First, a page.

On May 3 2012 the High Court dismissed the appeal of Peter Shafron, company secretary and general counsel of James Hardie Industries (JHIL), and found that he had contravened Section 180(1) of the Corporations Act 2001 (Cth). The decision raises concerns for in-house counsel who perform other roles, such as company secretary.


In 2001 the board of JHIL expected there to be further claims against two wholly owned subsidiaries of JHIL for personal injury from those who had come in contact with its asbestos products. The board decided to separate the two companies from the James Hardie group and to establish the Medical Research and Compensation Foundation to pay out on asbestos-related claims.

On February 15 2001 the board agreed to release information to the Australian Stock Exchange (ASX), which resulted in the following statement being released: "James Hardie is satisfied that the Foundation has sufficient funds to meet anticipated future claims." It was later found that the Medical Research and Compensation Foundation was underfunded by over A$1 billion.

In 2007 the Australian Securities and Investments Commission (ASIC) brought proceedings against seven former non-executive directors, three former executive directors and Shafron for breaches of Section 180(1) of the act. ASIC alleged that they had failed to exercise due care and diligence in relation to the release of information to the share market, thereby breaching their duties to the company.

The Court of Appeal agreed that Shafron had breached the act. Shafron appealed the decision to the High Court. An important issue for the court to determine was whether Shafron was an 'officer', as defined by Section 9 of the act, for the purpose of Section 180.


Shafron did not dispute that Section 180(1) applied to him in his capacity as company secretary, but submitted that because the alleged contraventions occurred in his capacity as general counsel, he was not subject to the duty. Shafron contended that:

  • his position of general counsel did not make him an officer under Section 9 of the act;
  • his duties as company secretary did not extend to giving advice of the kind alleged; and
  • there should be a division of his duties and responsibilities between those undertaken in his capacity as company secretary and those undertaken in his capacity as general counsel.


The High Court held that Shafron's participation within the project team and his status as approver of ASX announcements in his role as "general counsel and company secretary" fell within the definition of 'officer' in the act. The nature and extent of his participation involved more than just providing the board with information and advice; instead, he had considerable input into the proposal that he and others put to the JHIL board for approval.

As such, it was found that he had a duty to take care and employ diligence so as to protect the company from "legal risk". A reasonable person with his responsibilities would have drawn to the attention of the board the particular matters of which he was aware.

The two roles, general counsel and company secretary, were found to be indivisible and were to be assessed as a whole under Section 180. The court found it impossible to sever the responsibilities of Shafron into "watertight compartments" with the expression 'company secretary' not being a term of art.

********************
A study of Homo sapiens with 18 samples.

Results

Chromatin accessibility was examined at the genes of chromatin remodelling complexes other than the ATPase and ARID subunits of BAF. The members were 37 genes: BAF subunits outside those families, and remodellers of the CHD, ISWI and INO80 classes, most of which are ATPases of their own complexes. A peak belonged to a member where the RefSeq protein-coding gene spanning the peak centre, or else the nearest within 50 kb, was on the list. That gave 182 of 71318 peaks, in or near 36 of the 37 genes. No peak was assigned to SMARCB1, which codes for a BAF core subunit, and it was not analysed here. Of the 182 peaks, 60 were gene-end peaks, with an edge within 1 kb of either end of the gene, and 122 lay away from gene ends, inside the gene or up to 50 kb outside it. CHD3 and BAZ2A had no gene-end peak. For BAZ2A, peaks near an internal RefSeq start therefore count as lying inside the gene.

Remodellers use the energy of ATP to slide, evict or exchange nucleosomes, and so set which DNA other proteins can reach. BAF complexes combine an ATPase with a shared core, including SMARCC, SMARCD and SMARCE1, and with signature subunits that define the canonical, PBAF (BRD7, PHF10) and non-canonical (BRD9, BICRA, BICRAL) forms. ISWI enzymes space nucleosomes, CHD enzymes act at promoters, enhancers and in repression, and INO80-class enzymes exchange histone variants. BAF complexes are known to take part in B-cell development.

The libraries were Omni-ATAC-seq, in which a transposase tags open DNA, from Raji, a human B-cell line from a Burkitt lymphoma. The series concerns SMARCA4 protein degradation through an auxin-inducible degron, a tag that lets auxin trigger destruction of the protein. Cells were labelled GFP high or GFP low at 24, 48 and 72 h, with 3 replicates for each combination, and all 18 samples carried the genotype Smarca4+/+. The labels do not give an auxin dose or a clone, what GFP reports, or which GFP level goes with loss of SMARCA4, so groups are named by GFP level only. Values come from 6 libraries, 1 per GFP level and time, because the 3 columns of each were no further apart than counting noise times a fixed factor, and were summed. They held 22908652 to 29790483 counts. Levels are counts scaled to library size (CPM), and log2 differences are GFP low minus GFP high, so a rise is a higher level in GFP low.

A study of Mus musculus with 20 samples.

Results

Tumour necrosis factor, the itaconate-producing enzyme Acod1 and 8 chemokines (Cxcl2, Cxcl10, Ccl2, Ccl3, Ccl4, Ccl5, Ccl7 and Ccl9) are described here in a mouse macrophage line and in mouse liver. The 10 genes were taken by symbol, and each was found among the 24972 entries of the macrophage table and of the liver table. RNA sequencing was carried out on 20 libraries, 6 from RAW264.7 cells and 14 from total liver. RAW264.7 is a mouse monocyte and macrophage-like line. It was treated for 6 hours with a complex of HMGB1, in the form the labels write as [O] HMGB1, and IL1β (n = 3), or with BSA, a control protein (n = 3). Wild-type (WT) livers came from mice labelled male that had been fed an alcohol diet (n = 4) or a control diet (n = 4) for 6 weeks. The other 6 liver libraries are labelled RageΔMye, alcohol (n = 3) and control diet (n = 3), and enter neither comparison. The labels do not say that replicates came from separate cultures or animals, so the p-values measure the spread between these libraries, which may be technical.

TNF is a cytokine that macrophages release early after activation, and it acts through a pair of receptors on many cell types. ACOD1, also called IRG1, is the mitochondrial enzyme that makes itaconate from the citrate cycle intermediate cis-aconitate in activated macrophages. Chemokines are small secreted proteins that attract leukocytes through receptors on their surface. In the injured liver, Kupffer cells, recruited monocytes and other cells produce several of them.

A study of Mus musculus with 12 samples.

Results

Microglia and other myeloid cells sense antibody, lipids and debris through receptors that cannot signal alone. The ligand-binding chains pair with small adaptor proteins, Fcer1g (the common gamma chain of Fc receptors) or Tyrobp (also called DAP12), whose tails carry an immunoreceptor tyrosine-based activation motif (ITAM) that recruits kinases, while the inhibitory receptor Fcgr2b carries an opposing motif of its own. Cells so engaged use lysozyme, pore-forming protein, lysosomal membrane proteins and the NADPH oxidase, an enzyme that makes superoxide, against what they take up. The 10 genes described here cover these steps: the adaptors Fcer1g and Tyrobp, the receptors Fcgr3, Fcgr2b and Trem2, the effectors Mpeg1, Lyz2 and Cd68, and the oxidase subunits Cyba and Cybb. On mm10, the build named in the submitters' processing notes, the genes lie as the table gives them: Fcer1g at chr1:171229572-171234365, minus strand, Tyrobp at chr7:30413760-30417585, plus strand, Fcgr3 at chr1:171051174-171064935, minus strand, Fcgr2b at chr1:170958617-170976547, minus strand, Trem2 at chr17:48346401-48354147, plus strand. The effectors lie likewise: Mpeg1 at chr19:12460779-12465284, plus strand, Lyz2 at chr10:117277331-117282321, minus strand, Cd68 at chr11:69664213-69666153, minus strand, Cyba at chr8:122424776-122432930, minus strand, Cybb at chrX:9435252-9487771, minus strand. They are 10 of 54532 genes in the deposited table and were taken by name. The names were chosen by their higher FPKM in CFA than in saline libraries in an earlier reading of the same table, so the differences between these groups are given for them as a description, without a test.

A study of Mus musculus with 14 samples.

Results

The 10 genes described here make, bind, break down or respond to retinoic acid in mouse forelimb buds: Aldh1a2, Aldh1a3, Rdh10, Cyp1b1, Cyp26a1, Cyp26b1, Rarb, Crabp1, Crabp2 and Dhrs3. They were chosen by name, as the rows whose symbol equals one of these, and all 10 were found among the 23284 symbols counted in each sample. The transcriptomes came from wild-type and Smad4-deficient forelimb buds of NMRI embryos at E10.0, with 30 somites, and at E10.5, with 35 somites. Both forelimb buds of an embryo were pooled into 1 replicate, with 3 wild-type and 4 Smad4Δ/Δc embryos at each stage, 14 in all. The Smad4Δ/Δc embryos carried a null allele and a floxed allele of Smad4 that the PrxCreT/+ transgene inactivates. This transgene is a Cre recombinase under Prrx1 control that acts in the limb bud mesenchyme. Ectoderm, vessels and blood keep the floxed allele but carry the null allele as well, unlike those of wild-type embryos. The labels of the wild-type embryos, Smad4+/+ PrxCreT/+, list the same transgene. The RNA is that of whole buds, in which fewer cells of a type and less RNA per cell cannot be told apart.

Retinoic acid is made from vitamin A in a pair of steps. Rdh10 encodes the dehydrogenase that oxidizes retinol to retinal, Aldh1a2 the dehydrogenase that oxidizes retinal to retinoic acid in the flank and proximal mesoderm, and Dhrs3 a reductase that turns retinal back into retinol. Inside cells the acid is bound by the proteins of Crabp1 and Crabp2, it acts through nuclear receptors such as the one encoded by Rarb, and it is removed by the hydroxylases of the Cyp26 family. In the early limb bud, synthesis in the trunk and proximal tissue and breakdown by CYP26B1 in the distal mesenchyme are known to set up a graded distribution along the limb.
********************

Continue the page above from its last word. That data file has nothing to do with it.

Section 180(1)(b) of the act provides that the degree of care and diligence required of an officer is to be referenced to the 'office held' and the 'responsibilities within the corporation' of that particular officer. The scope or responsibilities of that relevant officer within the company is to be determined by examining all work undertaken by that officer and is not to be assessed from an examination of tasks performed by persons in the same position at other companies.

This involves evaluating whether a person participates in the making of a decision of significance for the business and then an "examination of what contribution that person makes to the making of a decision". That a person is not the decision maker does not mean they cannot participate in the making of that decision.

Furthermore, the fact that an in-house counsel is not an expert in a particular subject field will not absolve him or her of liability where he or she has enough knowledge to understand the importance of information he or she has. He or she will be required to bring it to the attention of the relevant decision makers. Shafron had failed to tell anyone that actuarial documents relied on did not factor in "superimposed inflation" such that the value of asbestos-related claims might increase at a rate above the usual inflation rate. Shafron was no actuarial expert, but it was proved that he knew that the cashflow projections did not allow for this.

It is thus important for in-house counsel to be thorough in placing important information before the board or, at very least, the chief executive officer.

In-house counsel should take care to:

  • clarify with precision the role the board and management expect them to play;
  • clarify how reporting should be undertaken (ie, who gets what information); and
  • document such clarification.

To the extent possible, in-house counsel should take steps to separate work done in each role. That may involve a use of separate sign-offs on emails and correspondence and physically separating files or email folders. The individual should clarify on what basis he or she is providing information to the board and attending board meetings and ensure that the minutes reflect this.

For further information on this topic please contact Anne Freeman or Wayne Harrison at Piper Alderman by telephone (+61 2 9253 9999), fax (+61 2 9253 9900) or email ([email protected]).